Rep. Greg Walden, the state’s lone Republican member of Congress, visited Eastern Oregon last week where he touted the Resilient Federal Forests Act of 2017, which passed the House Committee on Natural Resources in June. The controversial bill includes provisions that would expedite certain forest thinning projects, while establishing a pilot program to resolve legal challenges through arbitration.

Democrats Ron Wyden and Jeff Merkley, meanwhile, joined a bipartisan group of senators pushing to end the practice of “fire borrowing,” where the Forest Service and Bureau of Land Management are forced to rob money from fire prevention programs to pay for fighting wildfires.

Their bill, the Wildfire Disaster Funding Act of 2017, would make federal disaster funding available when the cost of firefighting exceeds the 10-year average, thereby maintaining the agencies’ budgets for other conservation and restoration programs.

In a statement Wednesday, Sept. 20, Wyden said communities are put in danger and fire prevention work is left undone because of the backward fire budgeting system.

“It’s past time for Congress to make it a top priority to end fire borrowing, stop the erosion of the Forest Service becoming the ‘Fire Service,’ and start treating wildfires like the natural disasters they are,” Wyden said.

The Forest Service has spent more than $2 billion so far on wildfires nationwide in 2017, setting a new record. Nearly 8 million acres of forest have been consumed by fire this summer, including 678,000 acres in Oregon.

The problem, Walden said, is a lack of active management in the forests, which has resulted in a buildup of overly dense and dead tree stands ready to burn.

“I don’t want to see our forests continue to go up (in flames) like they are,” Walden said during a meeting Thursday with the East Oregonian editorial board.

More than three-quarters of the Umatilla and Wallowa-Whitman national forests are at moderate to high risk for uncharacteristic fire, according to the Northern Blue Mountains Coalition, a group dedicated to increasing forest thinning and logging. Across the country, 58 million acres of national forests are at high or very high risk of severe wildfires — an area equal to the size of Pennsylvania and New York combined.

“We’ve got to deal with these forests,” Walden said.

A version of the Resilient Federal Forests Act has passed the House each of the last four years. It focuses on measures to speed up the pace of restoration, providing categorical exclusions for certain projects to expedite environmental review.

Projects that would qualify for categorical exclusion include hazardous fuels reduction, salvaging dead trees, protecting watersheds or improving wildlife habitat. The bill caps project sizes at 10,000 acres, or 30,000 acres if they are developed by a multi-interest collaborative group.

The bill also directs the Secretary of Agriculture to establish a pilot program to resolve lawsuits filed against forest management through arbitration, rather than heading to court, and would prevent plaintiffs from recovering their attorney fees in such cases under the Equal Access to Justice Act.

Opponents of the legislation, however, claim it would severely undermine environmental review and cater to the interests of the timber industry. Steve Pedery, conservation director for Oregon Wild, described the bill as a wish list for timber lobbyists.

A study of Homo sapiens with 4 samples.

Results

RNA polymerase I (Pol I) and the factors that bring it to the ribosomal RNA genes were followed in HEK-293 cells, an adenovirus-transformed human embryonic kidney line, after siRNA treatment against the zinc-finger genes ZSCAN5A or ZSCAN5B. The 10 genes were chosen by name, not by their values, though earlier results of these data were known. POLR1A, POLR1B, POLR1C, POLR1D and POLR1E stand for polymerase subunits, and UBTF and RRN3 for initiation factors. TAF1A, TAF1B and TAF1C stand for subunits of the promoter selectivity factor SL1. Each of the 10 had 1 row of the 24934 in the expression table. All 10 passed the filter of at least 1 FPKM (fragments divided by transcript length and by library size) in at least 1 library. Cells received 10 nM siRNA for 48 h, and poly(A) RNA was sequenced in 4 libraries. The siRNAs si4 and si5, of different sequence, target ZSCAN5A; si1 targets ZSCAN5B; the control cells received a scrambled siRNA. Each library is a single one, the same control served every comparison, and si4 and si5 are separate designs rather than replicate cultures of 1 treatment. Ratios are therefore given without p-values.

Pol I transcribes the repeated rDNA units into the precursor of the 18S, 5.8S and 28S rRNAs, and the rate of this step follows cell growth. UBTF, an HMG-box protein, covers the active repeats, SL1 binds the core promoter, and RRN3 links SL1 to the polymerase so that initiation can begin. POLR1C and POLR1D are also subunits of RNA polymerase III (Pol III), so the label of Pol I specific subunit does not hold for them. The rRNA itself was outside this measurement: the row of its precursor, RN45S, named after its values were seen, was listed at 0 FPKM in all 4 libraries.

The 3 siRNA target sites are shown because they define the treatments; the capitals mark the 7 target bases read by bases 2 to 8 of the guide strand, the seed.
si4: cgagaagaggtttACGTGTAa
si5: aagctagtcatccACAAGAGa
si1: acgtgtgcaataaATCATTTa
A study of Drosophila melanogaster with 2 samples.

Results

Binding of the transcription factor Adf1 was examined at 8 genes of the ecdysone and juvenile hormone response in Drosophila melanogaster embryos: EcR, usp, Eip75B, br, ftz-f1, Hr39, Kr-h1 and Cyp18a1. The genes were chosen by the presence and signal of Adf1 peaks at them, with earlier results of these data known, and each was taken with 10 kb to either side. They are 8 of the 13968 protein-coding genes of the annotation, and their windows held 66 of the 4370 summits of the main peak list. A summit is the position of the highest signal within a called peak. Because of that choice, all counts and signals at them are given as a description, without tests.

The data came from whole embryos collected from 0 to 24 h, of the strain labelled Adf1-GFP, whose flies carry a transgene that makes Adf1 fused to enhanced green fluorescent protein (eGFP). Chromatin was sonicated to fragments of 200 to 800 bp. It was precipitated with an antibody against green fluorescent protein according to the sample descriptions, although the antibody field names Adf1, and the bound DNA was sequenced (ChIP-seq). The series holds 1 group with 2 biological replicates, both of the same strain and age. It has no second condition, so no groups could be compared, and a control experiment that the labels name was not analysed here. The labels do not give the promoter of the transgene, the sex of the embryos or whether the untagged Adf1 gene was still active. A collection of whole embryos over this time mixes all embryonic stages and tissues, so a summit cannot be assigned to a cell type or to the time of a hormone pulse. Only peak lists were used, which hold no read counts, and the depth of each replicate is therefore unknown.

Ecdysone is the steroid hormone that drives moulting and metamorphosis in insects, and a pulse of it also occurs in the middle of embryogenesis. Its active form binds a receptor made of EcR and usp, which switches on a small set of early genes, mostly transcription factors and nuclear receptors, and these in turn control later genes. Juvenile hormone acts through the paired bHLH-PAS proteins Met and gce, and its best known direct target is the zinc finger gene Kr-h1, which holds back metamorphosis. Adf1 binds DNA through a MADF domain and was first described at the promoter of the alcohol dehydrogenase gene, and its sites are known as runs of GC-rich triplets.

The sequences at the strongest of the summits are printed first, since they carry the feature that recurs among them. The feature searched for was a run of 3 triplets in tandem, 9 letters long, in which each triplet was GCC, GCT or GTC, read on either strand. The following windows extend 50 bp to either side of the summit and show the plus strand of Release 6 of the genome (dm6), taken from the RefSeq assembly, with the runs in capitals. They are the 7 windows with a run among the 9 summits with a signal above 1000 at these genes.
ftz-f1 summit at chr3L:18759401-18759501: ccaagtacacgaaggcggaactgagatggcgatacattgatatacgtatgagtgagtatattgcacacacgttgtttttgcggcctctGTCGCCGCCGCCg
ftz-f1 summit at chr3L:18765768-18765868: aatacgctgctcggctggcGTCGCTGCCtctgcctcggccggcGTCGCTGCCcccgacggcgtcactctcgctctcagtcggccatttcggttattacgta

“It’s really about maximizing the profits of logging corporations over the health of our public lands, and the ability for Americans to enjoy them,” Pedery said.

Specific to Eastern Oregon, the Resilient Federal Forests Act would allow logging of trees more than 21 inches in diameter. Individual forest management plans would also no longer be subject to the National Environmental Protection Act — the Blue Mountains Forest Plan, which includes the Umatilla, Wallowa-Whitman and Malheur forests, is 13 years overdue for its latest revision.

Speaking Sept. 14 to the House Energy and Commerce Committee, Walden urged support for the bill as a means to jump-start forestry reform.

“Year after year, we have catastrophic wildfires on federal lands, some of which have been set aside and managed in a way that they have no management,” Walden said. “So if you want to do something that is extraordinarily important, join us in reforming the way we manage our precious public lands and federal forests to reduce the fuel loads.”

As for fire borrowing, a bipartisan group of senators has introduced the Wildfire Disaster Funding Act to ensure the firefighting budget does not eat into the fire prevention budget, and allow projects to proceed with greater financial resources.

In the same joint statement with Wyden, Merkley said it is time to reverse what has become a vicious cycle.

“The way we fund wildfire suppression today is counterproductive and crazy,” Merkley said. “As this fire season has proven all too vividly, robbing from forest health and fire prevention programs to pay for suppression only creates a vicious cycle of bigger and bigger fires.”

The bill would work by capping the firefighting budget at the most recent 10-year average, with any additional funding for fighting wildfires coming from federal disaster relief coffers. That would place wildfires more in line with other natural disasters, such as the hurricanes that have devastated parts of Texas and Florida.

Supporters include other Western lawmakers from across the political aisle, including Idaho Republicans Mike Crapo and Jim Risch; Colorado Republican Cory Gardner and Democrat Michael Bennet; California Democrat Dianne Feinstein; Washington Democrat Maria Cantwell; and Utah Republican Orrin Hatch.